Tilligerry residents are seeing red over roads but Port Stephens Council has some good news

ROUGH GOING: Graham Brown, Dianne Brown, Kev Jansen, Les Hessell, Lyn Gaudion, Denise Gaudion and Rob Atkinson standing on Tanilba Road, Mallabula.
ROUGH GOING: Graham Brown, Dianne Brown, Kev Jansen, Les Hessell, Lyn Gaudion, Denise Gaudion and Rob Atkinson standing on Tanilba Road, Mallabula.

A Mallabula man that has fought for years to have the street he lives in upgraded has labelled the Lemon Tree Passage Road speed limit change a “double standard”.

Graham Brown said it was “ridiculous” to lower the speed limits along the road in the name of safety when so many others around the Tilligerry Peninsula, including Tanilba Road where he lives, are what he, and a number of his neighbours, feel are unsafe.

“That road [Lemon Tree] used to be a goat track and you could do 100km/h,” Mr Brown said.

“But here, in our street, which we have called the council about I don’t know how many times, they say it’s fine.”

The RMS, which determines all NSW road speed zones, dropped the speed limit along Lemon Tree Passage Road by 10km/h this month due to a higher than average rate of injuries stemming from crashes.

While Port Stephens Council does not determine speed limits, it is responsible for the condition of roads.

This is why Mr Brown and a group of his neighbours formally wrote to the council’s traffic committee in December 2016 with their concerns regarding speeding, poor visibility, surface condition and drainage along Tanilba Road and Alfred Lane.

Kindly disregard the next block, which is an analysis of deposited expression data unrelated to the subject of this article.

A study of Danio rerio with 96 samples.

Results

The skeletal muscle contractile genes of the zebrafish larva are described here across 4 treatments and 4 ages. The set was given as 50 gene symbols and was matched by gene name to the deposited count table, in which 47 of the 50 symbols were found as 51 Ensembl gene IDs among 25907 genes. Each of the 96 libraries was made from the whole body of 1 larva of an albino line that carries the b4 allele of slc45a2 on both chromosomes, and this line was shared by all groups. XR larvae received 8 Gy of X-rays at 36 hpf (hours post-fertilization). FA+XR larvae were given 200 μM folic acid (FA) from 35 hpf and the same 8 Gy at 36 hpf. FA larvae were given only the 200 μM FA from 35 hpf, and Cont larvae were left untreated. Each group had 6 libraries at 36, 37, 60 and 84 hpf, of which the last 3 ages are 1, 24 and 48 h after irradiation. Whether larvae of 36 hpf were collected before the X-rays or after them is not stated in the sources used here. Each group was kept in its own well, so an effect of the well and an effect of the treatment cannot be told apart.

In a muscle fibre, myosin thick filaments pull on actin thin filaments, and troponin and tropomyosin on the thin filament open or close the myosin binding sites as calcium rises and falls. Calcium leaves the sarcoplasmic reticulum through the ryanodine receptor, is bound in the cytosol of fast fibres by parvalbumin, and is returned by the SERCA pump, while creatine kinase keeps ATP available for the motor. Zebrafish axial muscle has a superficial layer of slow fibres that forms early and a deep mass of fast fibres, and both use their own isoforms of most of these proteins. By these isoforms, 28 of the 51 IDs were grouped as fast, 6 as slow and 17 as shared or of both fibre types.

In a reply letter, sent in February 2017, the committee said it would refer their concerns about sight construction and drainage issues to the council’s roadside maintenance section.

Following inquiries by Fairfax Media, Port Stephens Council revealed that $750,000 worth of works is scheduled for Tanilba Road, between Bay Street and Mallabula Road, for the next financial year (2019-2020).

The works will include road widening, kerb and guttering.

John Maretich, the council’s asset section manager, said the entrance to Alfred Lane would also be improved in the works, which was a main issue for the group of Mallabula residents that wrote to the council in December.

“Funding is the greatest restriction on council when it comes to upgrading roads,” Mr Maretich said.

“Most of the funding we receive for road upgrades and rehabilitation comes from state and federal government grants.”